Sometimes, projecting what will happen after the season with a player whose team holds an option is easy. The option’s value is clearly below the player’s market value, or, alternatively, the option price is far too high to reasonably capture the player’s value. In either instance, the decision to pick up or decline the option can be reasonably assumed by everyone – the player and team involved, other teams, the media, fans, etc. – which shapes discussion around those players and the broader market long before the actual decision is due.
Then there are times when the option decision is unclear, either because injury/ineffectiveness muddies whether a formerly valuable player is now worth the option price, or because the player may not quite be worth the option price to that particular team. The latter creates a situation where trade rumors can swirl on the eve of the options decision (remember the nearly-completed Dan Haren/Carlos Marmol swap?), which I find particularly fun and fascinating.
The pitching market this offseason, already fairly well-stocked, could see a bump thanks to each of those two kinds of option decisions. To wit:
Brett Anderson – The talented but oft-injured lefty threw just 43.1 innings for the Rockies this year, and has totaled barely more than 100 innings total over the past three seasons. The results have always been good, the injuries all seem to be unrelated, and Anderson is still just 26 years old. When he’s been abel to pitch, Anderson’s posted a career 3.73 ERA, 3.51 FIP, 3.52 xFIP, 55.4% groundball rate, 18.6% strikeout rate, and a 6.4% walk rate.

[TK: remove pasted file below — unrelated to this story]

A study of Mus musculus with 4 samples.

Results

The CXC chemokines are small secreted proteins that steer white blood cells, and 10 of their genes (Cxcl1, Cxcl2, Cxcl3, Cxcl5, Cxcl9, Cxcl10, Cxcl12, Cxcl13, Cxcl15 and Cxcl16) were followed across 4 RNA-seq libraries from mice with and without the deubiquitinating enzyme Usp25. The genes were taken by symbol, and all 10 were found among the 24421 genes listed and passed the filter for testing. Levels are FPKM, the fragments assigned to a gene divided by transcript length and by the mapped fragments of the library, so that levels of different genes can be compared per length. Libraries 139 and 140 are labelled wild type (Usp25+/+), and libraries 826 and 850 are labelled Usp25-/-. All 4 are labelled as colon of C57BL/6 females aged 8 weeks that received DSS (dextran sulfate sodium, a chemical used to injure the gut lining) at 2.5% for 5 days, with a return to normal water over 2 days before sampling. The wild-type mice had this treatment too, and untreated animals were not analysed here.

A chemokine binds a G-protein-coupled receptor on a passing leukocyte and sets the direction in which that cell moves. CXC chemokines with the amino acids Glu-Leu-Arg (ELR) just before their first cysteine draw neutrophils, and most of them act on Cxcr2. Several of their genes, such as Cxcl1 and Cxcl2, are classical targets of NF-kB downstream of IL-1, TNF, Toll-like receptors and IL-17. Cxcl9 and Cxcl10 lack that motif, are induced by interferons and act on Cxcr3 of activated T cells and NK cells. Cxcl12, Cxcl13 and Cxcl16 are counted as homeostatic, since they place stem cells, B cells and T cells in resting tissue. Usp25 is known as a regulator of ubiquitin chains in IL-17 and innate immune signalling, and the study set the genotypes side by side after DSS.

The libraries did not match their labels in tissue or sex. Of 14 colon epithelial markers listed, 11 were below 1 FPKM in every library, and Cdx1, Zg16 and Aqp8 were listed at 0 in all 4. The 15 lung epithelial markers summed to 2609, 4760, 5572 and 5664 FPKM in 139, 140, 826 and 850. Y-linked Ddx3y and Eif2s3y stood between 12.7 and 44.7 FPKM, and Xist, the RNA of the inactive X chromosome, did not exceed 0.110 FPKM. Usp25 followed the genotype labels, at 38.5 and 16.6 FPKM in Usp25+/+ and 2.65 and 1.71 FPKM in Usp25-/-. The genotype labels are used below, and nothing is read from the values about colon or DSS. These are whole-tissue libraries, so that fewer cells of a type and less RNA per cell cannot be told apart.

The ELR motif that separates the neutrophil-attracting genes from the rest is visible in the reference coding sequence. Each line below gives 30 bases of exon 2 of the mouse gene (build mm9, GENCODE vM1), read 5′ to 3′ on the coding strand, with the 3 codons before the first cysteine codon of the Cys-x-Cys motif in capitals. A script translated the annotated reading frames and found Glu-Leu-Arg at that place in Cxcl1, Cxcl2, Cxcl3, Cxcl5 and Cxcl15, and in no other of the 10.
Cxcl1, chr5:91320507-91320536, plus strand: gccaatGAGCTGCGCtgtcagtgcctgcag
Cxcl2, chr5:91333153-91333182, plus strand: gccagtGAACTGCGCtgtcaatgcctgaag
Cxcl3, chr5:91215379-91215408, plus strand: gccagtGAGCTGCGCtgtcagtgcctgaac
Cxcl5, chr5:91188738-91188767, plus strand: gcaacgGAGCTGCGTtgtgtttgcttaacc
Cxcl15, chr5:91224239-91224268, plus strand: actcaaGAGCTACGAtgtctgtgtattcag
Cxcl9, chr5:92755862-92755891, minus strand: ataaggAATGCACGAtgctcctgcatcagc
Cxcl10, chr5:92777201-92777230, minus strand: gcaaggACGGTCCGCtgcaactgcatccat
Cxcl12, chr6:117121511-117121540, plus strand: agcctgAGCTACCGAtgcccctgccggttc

Anderson’s latest injury is a ruptured disc in his back, which was surgically repaired. In recent years, he’s also broken a finger, suffered a stress fracture in his foot, and had Tommy John surgery.
The 2015 team option on Anderson’s contract is for $12 million with a $1.5 million buyout, so the Rockies must decide whether Anderson for one season is worth $10.5 million. Alternatively, they could explore in the market whether there’s a team that wants him for $12 million (which would save the Rockies the $1.5 million buyout), and maybe pick up a small piece for their trouble. I doubt they’ll find a taker on that, and I’m not even sure they would find the market at $10.5 million particularly robust. It seems most likely that his option will simply be declined.
Yovani Gallardo – I have for months now labored under the assumption that there was no way the Brewers would pass on Gallardo’s $13 million option for 2015, given his relative youth (28) and past success. But, consider this: (1) Gallardo is in his fourth consecutive season of WAR decline, (2) his 4.08 FIP this season is the worst of his career (and well below league average), (3) his strikeout rate (17.2%) is WAY down, and (4) the buyout on his option is just $600,000.
Nick Cafardo reports that there are some in the Brewers’ organization pushing for a better use of that $12.4 million (the amount extra they’d have to pay to keep him for 2015). Given how Gallardo’s season has played out, I can understand their trepidation. Gallardo’s velocity is at least back to its pre-2013 levels, so there may be something there still to dream on … but maybe not enough.
If the Brewers try to shop Gallardo before making their decision, will they find a taker at his $13 million salary? They might, given his relative health and the short-term commitment. I doubt they could get much in the way of a prospect in return, but it’s a conceivable route.
These options decisions tend to be due in the week after the end of the World Series, so that’ll be the week to watch for rumors on guys like Anderson and Gallardo. Although they aren’t top tier pitching options, whatever happens with respect to their options will impact the pitching market, one way or another.